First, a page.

The China Plus One Strategy in Vietnam - Part 3: Trade Agreements, Rules of Origin, and Tariff Avoidance

Vietnam’s network of trade agreements is one of its most important assets as a China plus one candidate. Companies that set up operations within the country will be able to import components from China at a reduced cost and export finished goods at a discount



Rules of Origin

Unlike many of Vietnam’s neighbors that offer investors access to development promotion initiatives, such as US Generalized System of Preferences (GSP), Vietnam’s trade agreement network is the result of proactive foreign policy.
To gain access to Vietnam’s trade agreement network, investors need to identify the specific agreements that govern their supply chain and to understand the rules and regulations that govern these agreements.
  Companies pursuing a China plus production model will likely leave elements of their production in China, and may import components or raw materials to support their Chinese production. Components or finished products that are not wholly produced and sourced within a single country need to meet specific requirements in order to be considered originating in a country. Countries and their trade agreements may use any of the following to determine the origin of a good.

Vietnam's Free Trade Agreement Network





Regional Value Content (RVC): RVC requires that a certain percentage of the good’s value must originate in a free trade agreement (FTA) member country for the good  to  be  considered as originating.
Change in Tariff Classification (CTC): To qualify as originating under the CTC rule, the non- originating material used in the  production of the good must not have the same HS classification as the final good.
Specific Process Rule (SPR): The goods are considered as originating only if it is produced through a specific chemical process that occurred in a FTA member country.
Importing components from China under ACFTA
Companies importing from China to Vietnam are eligible for tariff reductions under the ASEAN- China Free Trade Agreement. As of 2018, the majority of tariffs imposed by Vietnamese customs have been brought to zero. Investors are required to comply with the agreements rules of origin provisions in order for their goods to be treated as made in China.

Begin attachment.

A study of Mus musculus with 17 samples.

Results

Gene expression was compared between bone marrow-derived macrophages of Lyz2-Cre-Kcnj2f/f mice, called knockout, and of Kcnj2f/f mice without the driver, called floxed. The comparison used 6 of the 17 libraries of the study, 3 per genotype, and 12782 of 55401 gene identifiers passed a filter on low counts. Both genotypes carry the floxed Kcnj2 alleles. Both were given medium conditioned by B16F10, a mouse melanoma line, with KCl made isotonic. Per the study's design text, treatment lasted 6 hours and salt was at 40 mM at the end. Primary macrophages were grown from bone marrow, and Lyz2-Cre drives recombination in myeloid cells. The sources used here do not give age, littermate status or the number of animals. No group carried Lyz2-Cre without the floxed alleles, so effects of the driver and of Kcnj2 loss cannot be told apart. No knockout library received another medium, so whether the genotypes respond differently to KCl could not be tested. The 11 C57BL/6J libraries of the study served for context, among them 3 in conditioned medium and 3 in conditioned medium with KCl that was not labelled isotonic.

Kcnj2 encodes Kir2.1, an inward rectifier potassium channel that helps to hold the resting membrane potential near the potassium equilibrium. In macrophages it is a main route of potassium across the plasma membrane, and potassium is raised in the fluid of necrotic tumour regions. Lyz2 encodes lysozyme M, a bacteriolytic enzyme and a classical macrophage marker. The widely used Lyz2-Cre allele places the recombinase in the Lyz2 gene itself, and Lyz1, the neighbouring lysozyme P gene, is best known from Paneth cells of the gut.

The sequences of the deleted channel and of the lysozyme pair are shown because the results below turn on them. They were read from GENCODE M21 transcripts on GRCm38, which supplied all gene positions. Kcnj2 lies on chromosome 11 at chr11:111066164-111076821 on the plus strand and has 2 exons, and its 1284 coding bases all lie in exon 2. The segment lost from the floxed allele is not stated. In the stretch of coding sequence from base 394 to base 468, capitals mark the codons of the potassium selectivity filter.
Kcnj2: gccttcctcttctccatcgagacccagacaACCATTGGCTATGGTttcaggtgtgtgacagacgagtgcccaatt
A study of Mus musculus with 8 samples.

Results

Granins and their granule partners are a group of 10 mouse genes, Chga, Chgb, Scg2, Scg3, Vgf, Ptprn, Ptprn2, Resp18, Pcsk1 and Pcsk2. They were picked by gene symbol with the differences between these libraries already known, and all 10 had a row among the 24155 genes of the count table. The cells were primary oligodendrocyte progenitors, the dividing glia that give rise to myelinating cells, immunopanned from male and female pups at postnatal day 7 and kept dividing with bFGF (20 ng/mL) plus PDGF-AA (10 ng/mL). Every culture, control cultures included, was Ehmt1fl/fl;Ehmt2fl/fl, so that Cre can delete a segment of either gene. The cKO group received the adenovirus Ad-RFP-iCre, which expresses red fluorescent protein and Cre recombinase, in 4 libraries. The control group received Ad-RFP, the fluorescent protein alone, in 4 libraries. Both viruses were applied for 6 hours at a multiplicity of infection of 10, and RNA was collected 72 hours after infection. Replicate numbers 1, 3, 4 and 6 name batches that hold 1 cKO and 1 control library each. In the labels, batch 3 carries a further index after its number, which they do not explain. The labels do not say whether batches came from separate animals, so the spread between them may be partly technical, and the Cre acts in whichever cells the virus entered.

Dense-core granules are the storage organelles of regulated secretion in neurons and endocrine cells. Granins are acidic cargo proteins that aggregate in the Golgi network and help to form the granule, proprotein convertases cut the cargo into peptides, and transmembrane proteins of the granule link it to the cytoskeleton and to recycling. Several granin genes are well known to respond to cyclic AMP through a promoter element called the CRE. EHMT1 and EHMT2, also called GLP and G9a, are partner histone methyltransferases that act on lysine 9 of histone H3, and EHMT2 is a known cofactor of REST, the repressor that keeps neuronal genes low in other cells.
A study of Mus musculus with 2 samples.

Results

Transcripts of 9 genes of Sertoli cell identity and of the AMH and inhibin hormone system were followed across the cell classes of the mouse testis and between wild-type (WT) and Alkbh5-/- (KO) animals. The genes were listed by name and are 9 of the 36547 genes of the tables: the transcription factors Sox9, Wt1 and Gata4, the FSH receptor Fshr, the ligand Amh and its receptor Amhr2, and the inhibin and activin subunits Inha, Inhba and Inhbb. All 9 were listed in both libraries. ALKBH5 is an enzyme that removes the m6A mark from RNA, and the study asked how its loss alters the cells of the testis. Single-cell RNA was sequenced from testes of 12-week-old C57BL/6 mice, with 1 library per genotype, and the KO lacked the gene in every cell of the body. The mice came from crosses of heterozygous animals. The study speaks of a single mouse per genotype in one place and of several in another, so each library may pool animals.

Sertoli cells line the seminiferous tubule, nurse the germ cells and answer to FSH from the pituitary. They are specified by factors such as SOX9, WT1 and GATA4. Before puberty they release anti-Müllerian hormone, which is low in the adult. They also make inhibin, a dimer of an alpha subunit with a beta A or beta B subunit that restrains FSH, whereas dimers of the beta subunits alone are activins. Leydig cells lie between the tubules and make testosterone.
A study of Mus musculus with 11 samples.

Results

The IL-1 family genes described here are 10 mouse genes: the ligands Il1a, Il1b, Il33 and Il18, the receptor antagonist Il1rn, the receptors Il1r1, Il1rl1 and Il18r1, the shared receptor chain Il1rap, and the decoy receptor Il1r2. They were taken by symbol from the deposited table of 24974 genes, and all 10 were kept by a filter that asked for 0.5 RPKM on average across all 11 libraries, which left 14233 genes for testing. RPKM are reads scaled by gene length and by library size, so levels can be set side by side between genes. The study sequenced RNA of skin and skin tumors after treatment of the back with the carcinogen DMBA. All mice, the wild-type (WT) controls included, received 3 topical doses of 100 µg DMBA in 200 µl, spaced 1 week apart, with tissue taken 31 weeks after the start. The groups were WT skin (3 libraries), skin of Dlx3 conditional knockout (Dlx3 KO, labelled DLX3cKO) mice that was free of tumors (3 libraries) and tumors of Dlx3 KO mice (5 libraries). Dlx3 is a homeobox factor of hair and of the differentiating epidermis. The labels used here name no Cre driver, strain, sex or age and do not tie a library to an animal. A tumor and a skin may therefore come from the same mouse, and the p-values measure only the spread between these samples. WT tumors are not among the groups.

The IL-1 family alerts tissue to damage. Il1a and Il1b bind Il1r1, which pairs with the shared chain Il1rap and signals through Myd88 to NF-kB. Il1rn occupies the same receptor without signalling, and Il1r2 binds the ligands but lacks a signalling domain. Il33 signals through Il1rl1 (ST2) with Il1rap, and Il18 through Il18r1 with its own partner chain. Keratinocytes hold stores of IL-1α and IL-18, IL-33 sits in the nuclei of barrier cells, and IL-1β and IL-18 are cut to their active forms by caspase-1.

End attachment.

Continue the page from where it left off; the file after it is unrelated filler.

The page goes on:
ACFTA imposed a minimum RVC of 40 percent percent for most goods with additional CTC or SPR requirements imposed for specific goods.
Exporting finished goods
Companies exporting from Vietnam must obtain a relevant certificate of origin (CO) for each shipment; verifying the origin of the product. This will be required to determine the tariff that will be applied by an importing market and to determine any applicable tariff concessions provided under an FTA. Exporters can acquire a CO from Vietnam’s Ministry of International Trade.

Frequently Asked Trade War Questions

Investors with factories in China and buyers in the US have been subject to increased tariffs since early July and are at risk of being hit with  a tariff rate of 25 percent from January 1, 2018
  Companies are working to develop risk mitigation and management strategies. Below are some of the most common questions.
Can I reclassify my goods under an HS code that is not subject to tariffs in the US?
Tariff reclassification is a good starting point for companies and is a relatively low cost mitigation tool that can be evaluated as companies assess their exposure to tariffs.
Most companies, however, find that tariff reclassification is not a viable strategy given the breadth of US tariffs.
Can I re-route finished goods through Vietnam to reduce exposure to US Tariffs?
No. US customs requires that goods undergo  a substantial transformation in value or tariff classification to justify an adjustment of origin. Further, transport costs alone will not be sufficient to qualify for an adjustment.
Can I make small adjustments to finished goods in Vietnam to qualify them as made in Vietnam?
No. Packaging or other small adjustments will not change the classification of the good in question. In these cases, the value-add is often not deemed sufficient.
What is the minimum amount of processing that can be done in Vietnam?
This will depend on the good in question. Generally, the HS code for the product will need to be shifted. In most cases, this will require that companies outsource assembly, rather than finishing, to Vietnam.
How do US customs enforce its Rules of Origin Provisions?
While Vietnam issues certificates of origin, US Customs, through the Enforce and Protect Act enforces US customs policy. Companies should understand that even if Vietnam issues a certificate of origin stating that a product is made in Vietnam, US customs may review or dispute this assessment.